Fashion brand Burberry has apologized for showcasing a hoodie that featured a noose around the neck during its show at London Fashion Week.
The retailer said it has removed the item from its collection, after criticism from one of its own models led to an online backlash.
"We are deeply sorry for the distress caused by one of the products that featured in our A/W 2019 runway collection," Marco Gobbetti, Burberry chief executive officer, said in a statement provided to CNN.
"Though the design was inspired by the marine theme that ran throughout the collection, it was insensitive and we made a mistake," he added.
The design was criticized by model Liz Kennedy, who featured in the show but claimed her concerns about the use of a noose were dismissed.
"Suicide is not fashion," Kennedy wrote on Instagram. "It is beyond me how you could let a look resembling a noose hanging from a neck out on the runway."
"I had asked to speak to someone about it but the only thing I was told to do was to write a letter," Kennedy added.
Kennedy also mentioned the "horrifying history of lynching" that the noose shaped evoked, a connection that was also picked up on by critics on social media.
She also claimed that staff were joking about the design before the show, while hanging the noose from a ceiling.
"I had a brief conversation with someone but all that it entailed was 'it's fashion. Nobody cares about what's going on in your personal life so just keep it to yourself,'" she said.
Gobbetti said he called Kennedy to apologize after becoming aware of the product.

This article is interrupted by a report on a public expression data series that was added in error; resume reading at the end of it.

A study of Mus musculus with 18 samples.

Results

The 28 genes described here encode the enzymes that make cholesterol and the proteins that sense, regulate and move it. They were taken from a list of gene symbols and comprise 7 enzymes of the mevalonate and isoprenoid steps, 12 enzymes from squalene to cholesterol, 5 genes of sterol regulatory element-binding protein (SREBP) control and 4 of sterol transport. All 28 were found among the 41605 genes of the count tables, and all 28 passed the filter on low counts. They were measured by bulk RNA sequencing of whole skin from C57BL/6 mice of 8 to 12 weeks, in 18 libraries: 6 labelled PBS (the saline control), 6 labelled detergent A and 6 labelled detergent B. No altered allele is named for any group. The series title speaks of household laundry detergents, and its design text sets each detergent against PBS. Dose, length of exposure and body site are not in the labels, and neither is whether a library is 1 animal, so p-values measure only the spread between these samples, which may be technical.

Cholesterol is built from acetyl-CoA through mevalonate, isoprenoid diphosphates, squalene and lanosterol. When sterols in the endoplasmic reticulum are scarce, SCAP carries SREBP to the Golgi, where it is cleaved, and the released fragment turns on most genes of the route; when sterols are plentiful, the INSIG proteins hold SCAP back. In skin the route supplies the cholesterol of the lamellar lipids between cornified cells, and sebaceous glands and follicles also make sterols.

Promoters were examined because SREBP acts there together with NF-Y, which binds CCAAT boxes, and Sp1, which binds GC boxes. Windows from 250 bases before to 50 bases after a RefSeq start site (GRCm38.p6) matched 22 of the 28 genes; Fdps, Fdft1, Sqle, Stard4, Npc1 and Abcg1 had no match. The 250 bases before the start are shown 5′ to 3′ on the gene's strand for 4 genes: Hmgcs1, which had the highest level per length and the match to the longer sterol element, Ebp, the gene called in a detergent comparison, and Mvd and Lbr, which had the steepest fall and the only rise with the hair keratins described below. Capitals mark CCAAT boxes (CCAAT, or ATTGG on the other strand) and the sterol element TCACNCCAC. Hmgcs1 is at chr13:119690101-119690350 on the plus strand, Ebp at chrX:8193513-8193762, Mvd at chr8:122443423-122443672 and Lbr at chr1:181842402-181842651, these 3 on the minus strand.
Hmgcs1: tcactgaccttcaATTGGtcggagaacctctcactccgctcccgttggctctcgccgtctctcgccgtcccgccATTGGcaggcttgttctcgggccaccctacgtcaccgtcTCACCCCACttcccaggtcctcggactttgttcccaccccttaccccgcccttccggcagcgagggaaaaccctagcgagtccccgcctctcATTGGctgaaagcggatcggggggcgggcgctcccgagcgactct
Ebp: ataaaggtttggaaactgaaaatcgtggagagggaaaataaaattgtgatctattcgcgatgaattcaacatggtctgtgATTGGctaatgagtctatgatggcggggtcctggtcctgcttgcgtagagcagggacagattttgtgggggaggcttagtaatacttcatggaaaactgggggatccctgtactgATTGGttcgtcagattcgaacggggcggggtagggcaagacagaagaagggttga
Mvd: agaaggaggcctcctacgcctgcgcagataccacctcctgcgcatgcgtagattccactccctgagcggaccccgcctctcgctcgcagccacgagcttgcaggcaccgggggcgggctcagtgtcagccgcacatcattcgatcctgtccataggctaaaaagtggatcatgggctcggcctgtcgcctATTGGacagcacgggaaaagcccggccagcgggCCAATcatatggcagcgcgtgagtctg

The UK's Mental Health Foundation was also critical of the concept, and said the incident demonstrated the need for fashion houses to examine their creative processes.
"It is disappointing to see this representation in our day and age considering how much ground we have covered in mental health in recent years," said Antonis Kousoulis, associate director of research at the charity.
"I was glad to hear that the fashion house apologized and pulled the item, but, more generally, I would like to see more diversity in the creative process," Kousoulis added.
"Highly influential global brands like Burberry certainly have a role to play in giving a voice to diverse views, respecting people with lived experience, and being role models."
The item featured in Burberry's Autumn/Winter collection, named "Tempest," which debuted in London on Sunday.
The show's designer, Burberry's chief creative officer Riccardo Tisci, added: "I am so deeply sorry for the distress that has been caused as a result of one of the pieces in my show on Sunday."
"While the design was inspired by a nautical theme, I realize that it was insensitive. It was never my intention to upset anyone. It does not reflect my values nor Burberry's and we have removed it from the collection. I will make sure that this does not happen again," he added.